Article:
Kore Systems: Other Custom Systems
Compact Photolysis TOF-MS System.

University of Leeds, UK

Kore designed and delivered this instrument at the request of the Department of Chemistry at the University of Leeds. The system has a time-of-flight mass spectrometer system (TOF-MS) that will perform time- resolved kinetic studies of gas phase reactions on the millisecond timescale. Professor Mike Pilling and Dr. Mark Blitz contacted Kore to discuss their experiment, and out of the discussions came a design that we are excited to have developed into a completed instrument.

The system is based on a quartz reaction cell within a bench-mounted, high pumping capacity vacuum system, through which a carrier gas flows at ~1 mbar pressure. The carrier gas also contains other key components. A 10Hz photolysis laser is guided into this reaction cell to create radicals R° from a precursor. Following this photolysis step, the radicals react with a further component X, which is also mixed at low concentration with the He or Ar.


The RX component and carrier effuse from a small orifice (~1mm diameter) in the reaction cell. Components in the emerging plume are then ionised with a vacuum ultraviolet (VUV) laser pulse, creating RX+ ions that can be pulsed with a Kore TOF source and then measured by the TOF mass spectrometer. The counting system is analogue, owing to the expected data rate, and the results are recorded on a fast digital oscilloscope.


By varying the delay time between the first laser pulse to create radicals and the second laser pulse to create RX ions, the kinetics of the R°+X=RX reaction can be investigated. The time constants for the reactions of interest range between 0.1 microseconds and 1000 microseconds (1 millisecond).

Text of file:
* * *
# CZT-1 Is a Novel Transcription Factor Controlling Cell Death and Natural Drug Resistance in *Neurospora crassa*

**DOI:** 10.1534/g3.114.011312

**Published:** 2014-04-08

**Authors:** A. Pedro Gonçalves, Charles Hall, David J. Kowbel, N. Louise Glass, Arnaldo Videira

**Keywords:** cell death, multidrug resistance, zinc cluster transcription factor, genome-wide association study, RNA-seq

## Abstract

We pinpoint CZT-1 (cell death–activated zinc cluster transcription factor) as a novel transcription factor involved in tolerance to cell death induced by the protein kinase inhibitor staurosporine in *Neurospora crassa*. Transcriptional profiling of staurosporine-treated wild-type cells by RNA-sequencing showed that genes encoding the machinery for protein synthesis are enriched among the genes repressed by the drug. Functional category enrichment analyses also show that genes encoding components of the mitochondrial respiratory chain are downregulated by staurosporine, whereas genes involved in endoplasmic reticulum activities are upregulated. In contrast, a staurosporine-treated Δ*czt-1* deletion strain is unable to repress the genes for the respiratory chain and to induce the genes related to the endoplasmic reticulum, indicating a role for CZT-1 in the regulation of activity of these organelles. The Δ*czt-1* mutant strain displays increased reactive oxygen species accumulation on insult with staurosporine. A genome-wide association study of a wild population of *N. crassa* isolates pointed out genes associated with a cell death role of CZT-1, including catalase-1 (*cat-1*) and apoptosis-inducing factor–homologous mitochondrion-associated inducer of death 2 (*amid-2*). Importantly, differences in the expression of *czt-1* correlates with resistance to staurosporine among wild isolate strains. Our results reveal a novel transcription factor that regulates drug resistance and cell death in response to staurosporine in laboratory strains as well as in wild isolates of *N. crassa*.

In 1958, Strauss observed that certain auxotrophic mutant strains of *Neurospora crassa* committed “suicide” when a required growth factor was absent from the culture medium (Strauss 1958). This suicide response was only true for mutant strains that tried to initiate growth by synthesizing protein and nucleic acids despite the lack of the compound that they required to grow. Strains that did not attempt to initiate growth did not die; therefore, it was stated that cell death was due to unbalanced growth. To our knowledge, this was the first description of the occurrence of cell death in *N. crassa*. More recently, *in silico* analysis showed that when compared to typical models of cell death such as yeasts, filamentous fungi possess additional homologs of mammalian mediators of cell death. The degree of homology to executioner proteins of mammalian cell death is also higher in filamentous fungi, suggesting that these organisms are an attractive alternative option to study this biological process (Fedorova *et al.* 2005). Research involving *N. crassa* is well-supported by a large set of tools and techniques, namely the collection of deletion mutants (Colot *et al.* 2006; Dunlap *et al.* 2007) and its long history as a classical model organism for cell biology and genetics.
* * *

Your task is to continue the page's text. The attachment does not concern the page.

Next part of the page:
For an example of the work that is being done with this apparatus, please click here

The Observation Of Transient Species Using a TOF-MS


An example of the use of the Kore Mini-TOF for the measurement of bimolecular rate constants of reactions between molecules: NO2 + ClSO, and NO2 + SO.


Researcher: Dr. Mark Blitz, School of Chemistry, University of Leeds.


Aim of experiment: to monitor the appearance and decay of short-lived radicals produced during photolysis of Cl2SO, and to determine the radical reaction rate constants with added reagents (NO2).


Method: use 248nm photolysis laser to create radicals from Cl2SO in the presence of NO2 and then probe the radical population using a second ionising laser of 118nm wavelength.


Experimental: when excited with 248nm light the molecule Cl2SO can produce short lived radicals in two ways:

Cl2SO = Cl + ClSO
Cl2SO = Cl2 + SO

97% of Cl2SO molecules convert according to the upper pathway, and 3% following the lower pathway. A mass spectrum shows the two molecules produced during irradiation.

Following a photolysis laser pulse to create the radical species, a second ionising laser with a frequency of 118nm was used to plot the relative concentration of these radicals as a function of elapsed time (out to 30 milliseconds). This is achieved by varying the delay time between the firing of the two lasers. The radicals were monitored by ionisation of these radical (R→R+) with their subsequent detection via the TOF-MS.

From these graphs, rate constants, kobs, can be calculated:

[Radical] = [Radical]0 x exp(-kobst)

By varying NO2 in the system, the bimolecular rate constants, kbim, for reaction of ClSO + NO2 and SO + NO2 can be determined from kobs = kbim [NO2]; kbim equals the slope from plot of kobs vs [NO2].


Kore Technology is a centre of excellence in time-of-flight mass spectrometer technology and has a very strong R&D capability in terms of its personnel, all of whom have been heavily involved in a variety of analytical instrumentation development programmes.